In the Law.com article “Order Tossing Expert Grabs Attention in Asbestos Case” it is reiterated that an expert witness must not “advocate” for a particular side but must be a “dispassionate scientist/witness.”
“For the reasons stated in the defendant’s brief, the court finds that Dr. Maddox easily qualifies as such a ‘quintessential expert for hire’ not only for the length, frequency and apparent lucrativeness, but also the litigation orientation he exhibited in attempting to add a proper empirical basis for his opinion after he had originally stated his sworn opinion and the court first found that it was inadmissible.
This transgressed the scientific rule that the empirical data should lead to the theory, not vice versa. Although no person probably enjoys seeing their testimony discounted, during his live testimony at the hearing on this motion, Dr. Maddox’s behavior seemed much more consistent with an advocate than a dispassionate scientist/witness,” Parrott said in the order.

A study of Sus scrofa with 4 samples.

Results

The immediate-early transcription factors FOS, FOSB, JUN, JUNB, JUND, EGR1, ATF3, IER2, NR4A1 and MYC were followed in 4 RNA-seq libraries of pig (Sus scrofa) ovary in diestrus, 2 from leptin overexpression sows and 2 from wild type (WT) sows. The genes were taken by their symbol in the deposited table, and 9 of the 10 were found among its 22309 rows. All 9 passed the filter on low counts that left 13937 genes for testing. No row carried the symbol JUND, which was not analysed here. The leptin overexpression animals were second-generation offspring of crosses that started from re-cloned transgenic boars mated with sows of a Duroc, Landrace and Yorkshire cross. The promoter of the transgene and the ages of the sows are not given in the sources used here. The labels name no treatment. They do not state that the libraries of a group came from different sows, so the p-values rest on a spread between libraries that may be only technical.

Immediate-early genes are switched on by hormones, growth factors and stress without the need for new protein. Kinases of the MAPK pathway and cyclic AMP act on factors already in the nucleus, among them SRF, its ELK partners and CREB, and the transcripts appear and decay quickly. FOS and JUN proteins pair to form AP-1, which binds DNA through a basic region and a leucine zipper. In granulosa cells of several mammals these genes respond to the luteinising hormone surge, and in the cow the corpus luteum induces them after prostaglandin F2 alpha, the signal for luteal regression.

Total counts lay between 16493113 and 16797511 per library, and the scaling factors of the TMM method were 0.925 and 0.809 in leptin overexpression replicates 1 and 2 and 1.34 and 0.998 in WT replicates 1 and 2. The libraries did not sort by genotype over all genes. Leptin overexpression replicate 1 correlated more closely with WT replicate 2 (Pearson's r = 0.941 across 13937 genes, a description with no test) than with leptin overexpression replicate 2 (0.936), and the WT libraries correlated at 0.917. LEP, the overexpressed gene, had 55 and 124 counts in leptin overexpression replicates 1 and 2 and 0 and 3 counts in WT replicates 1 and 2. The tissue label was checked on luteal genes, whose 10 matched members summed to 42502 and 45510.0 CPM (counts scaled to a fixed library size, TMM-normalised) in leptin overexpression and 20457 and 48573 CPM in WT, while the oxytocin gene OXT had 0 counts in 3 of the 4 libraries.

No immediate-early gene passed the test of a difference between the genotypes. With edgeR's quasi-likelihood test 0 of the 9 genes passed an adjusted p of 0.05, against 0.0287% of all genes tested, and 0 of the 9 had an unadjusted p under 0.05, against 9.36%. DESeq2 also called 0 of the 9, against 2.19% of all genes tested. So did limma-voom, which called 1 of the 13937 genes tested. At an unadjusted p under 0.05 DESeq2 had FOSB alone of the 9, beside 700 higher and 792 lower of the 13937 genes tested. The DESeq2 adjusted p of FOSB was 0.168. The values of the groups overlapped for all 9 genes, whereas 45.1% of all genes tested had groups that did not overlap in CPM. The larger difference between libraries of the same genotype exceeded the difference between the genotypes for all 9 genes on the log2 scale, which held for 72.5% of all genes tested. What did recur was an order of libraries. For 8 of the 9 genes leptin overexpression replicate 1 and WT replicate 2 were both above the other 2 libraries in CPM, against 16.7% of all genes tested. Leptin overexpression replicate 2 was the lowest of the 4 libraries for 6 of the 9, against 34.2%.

This opinion was formed during the “Daubert hearing” that lasted the whole day.
In addition to the 1993 Supreme Court’s decision in Daubert v. Merrell Dow Pharma, the judge also cited a 1996 decision from the 7th U.S. Court of Appeals saying “the courtroom is not the place for scientific guesswork, even on the inspired sort,” and the 2005 Georgia Law governing the use of expert witnesses saying the opinion “is not practically testable and has not been tested.”
The judge also speaks to the “expert for hire” issue. A full-time expert witness seems to always carry this stigma. A professional practitioner who also serves as an expert in a few cases, and who draws only a portion of his fees from expert testimony seems to be more acceptable to judges and juries.
What percentage I guess is based on the opinion of the judge. But, you can bet, that the Daubert hearings will increase because of this and other cases of late.